Clinton, South Carolina, Saturday, August 26, 2017, 10:58 a.m.
There are those who believe I waste my talents tramping around small-town football stadiums writing about what I see.
They are so wrong. Last night Laurens held off Clinton, 24-18. In a small tract of land known as Laurens County, named after a statesman from the nation’s dawn, the annual football game between the two public high schools is as significant as Clemson-Carolina (it’s the South one here) and, recently, more competitive.
I need the money, but the insight is much greater.
My fiction has a lot of characters much younger than I. Characters much younger than I are more interesting. My first novel, The Audacity of Dope, was mainly concerned with men and women between about 35 and 45. The Intangibles took me back in time to when I was a kid. Crazy of Natural Causes had at its center the relationship between a disgraced football coach and several of his players. Forgive Us Our Trespasses was about the corrosive effect of deceit and corruption on families. Cowboys Come Home was a tale of a couple young Marines, home from the Pacific at the end of World War II, who mistakenly think they can find peace and stability in a home that has also changed forever.
This year I have written two novels about stock car racing, a sport to which my life was dedicated for twenty years. Barrie Jarman bursts on the scene in Lightning in a Bottle and learns hard lessons in Life Gets Complicated. Barrie Jarman gets has brash self-confidence more from observing high school kids playing ball than today’s NASCAR man-children. Barrie is flawed but likable, which runs through characters in all my fiction: Riley Mansfield and Melissa Franklin (Audacity); Frankie Mansfield and the Leverette twins (Intangibles); Chance Benford, Wally Ruff, and Zeke Runnels (Crazy); Hal and Hayden Kinley (Trespasses); Ennis and Becky Middlebrooks, and Harry Byerly (Cowboys); and Barrie Jarman and Angela Hughston (Lightning, Life).
Writing about the young makes me feel that way, even if I can’t act that way anymore.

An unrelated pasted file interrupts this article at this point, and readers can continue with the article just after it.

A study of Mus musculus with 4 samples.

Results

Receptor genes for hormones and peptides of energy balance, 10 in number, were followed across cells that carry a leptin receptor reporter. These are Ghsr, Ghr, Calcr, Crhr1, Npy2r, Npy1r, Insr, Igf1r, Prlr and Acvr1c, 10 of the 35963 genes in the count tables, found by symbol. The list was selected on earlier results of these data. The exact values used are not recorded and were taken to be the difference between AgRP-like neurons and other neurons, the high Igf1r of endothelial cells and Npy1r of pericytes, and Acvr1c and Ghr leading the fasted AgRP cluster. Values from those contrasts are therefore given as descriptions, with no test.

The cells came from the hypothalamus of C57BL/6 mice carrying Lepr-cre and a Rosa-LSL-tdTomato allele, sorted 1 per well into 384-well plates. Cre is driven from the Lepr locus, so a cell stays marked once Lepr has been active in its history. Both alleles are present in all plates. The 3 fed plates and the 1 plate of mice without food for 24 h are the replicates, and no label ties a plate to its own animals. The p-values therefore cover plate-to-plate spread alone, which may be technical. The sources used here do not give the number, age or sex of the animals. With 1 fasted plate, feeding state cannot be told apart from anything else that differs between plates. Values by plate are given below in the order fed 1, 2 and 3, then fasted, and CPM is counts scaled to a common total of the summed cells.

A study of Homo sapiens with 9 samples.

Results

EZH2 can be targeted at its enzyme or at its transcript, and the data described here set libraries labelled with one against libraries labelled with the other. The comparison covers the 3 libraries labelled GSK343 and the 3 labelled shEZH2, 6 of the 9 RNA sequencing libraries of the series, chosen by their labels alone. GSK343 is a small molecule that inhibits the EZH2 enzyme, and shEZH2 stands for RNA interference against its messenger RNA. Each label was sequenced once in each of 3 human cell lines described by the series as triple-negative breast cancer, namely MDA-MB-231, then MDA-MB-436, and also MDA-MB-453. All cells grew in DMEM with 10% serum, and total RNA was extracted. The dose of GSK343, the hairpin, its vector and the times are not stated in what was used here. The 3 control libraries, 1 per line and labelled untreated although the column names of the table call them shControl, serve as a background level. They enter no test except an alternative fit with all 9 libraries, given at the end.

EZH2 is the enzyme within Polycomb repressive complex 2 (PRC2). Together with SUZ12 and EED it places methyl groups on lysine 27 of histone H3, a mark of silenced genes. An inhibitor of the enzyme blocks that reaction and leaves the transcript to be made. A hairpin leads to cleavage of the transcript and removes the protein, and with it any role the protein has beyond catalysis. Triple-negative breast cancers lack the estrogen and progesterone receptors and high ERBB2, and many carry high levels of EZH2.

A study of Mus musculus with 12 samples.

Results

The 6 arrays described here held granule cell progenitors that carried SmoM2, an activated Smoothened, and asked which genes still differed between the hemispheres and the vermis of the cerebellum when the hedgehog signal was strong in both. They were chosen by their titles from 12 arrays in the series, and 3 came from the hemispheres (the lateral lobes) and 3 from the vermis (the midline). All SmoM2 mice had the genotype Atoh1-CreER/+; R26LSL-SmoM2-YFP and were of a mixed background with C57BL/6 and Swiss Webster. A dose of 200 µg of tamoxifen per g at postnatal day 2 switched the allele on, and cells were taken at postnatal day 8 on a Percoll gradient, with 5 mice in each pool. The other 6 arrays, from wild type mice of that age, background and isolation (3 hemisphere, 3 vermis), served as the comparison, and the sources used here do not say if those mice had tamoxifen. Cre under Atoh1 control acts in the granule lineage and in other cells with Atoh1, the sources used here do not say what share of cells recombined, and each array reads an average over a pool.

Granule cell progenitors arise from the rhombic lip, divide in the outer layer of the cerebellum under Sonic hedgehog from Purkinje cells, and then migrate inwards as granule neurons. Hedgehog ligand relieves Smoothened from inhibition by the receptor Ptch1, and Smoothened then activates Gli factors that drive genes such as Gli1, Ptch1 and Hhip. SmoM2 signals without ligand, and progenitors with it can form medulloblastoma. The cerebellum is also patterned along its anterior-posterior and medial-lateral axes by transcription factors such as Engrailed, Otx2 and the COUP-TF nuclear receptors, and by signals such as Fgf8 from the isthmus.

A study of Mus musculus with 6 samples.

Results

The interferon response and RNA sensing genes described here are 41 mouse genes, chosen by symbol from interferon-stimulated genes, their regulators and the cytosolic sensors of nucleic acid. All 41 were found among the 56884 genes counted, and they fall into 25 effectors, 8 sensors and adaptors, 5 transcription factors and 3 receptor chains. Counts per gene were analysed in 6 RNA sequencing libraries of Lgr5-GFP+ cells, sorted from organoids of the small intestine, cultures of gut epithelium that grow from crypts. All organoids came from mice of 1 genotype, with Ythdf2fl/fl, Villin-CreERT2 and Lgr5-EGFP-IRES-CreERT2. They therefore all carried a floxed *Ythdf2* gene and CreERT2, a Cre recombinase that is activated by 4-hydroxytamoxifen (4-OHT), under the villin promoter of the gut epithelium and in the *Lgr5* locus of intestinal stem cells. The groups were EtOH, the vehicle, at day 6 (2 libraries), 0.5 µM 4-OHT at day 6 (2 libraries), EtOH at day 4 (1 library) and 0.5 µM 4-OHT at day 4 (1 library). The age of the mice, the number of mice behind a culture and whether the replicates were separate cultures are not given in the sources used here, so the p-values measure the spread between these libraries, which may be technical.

Even before I had the experience to make such conclusions, I loved sportswriting because it revealed so much about human emotion. Politicians, doctors, engineers … they all choke at the proverbial free-throw line, but, most of the time, their dropped passes, swings and misses, and missed shifts occur outside of public view. Sports failures occur under the glare of sun and floodlights.
If I miss the mark in my evaluation of the young mind, it’s because times have changed since I had one, but I don’t believe it. I didn’t have virtual games to occupy my time, but a kid’s time gets occupied somehow, often for better and sometimes for worse. Kids still run a gauntlet of peril, and, if they make it safely, the rites of passage hone their character. How one reacts to adversity determines the course of life. Success is reward, but failure dictates the path.
Were I to write an account of my own life, it would be a tale of failure at this late stage. It’s not over, though. I remain optimistic that my labors are not in vain, that somehow, someone is going to notice that I write good stuff. I’m going to be an overnight sensation. Here’s hoping I live to see it.
As ZZ Top, wildly out of context to my situation, sang: I ain’t asking for muh-uch!
As I wrote, and often sing, wildly in context to my situation: I sold my soul / In different roles / But had my share of fun.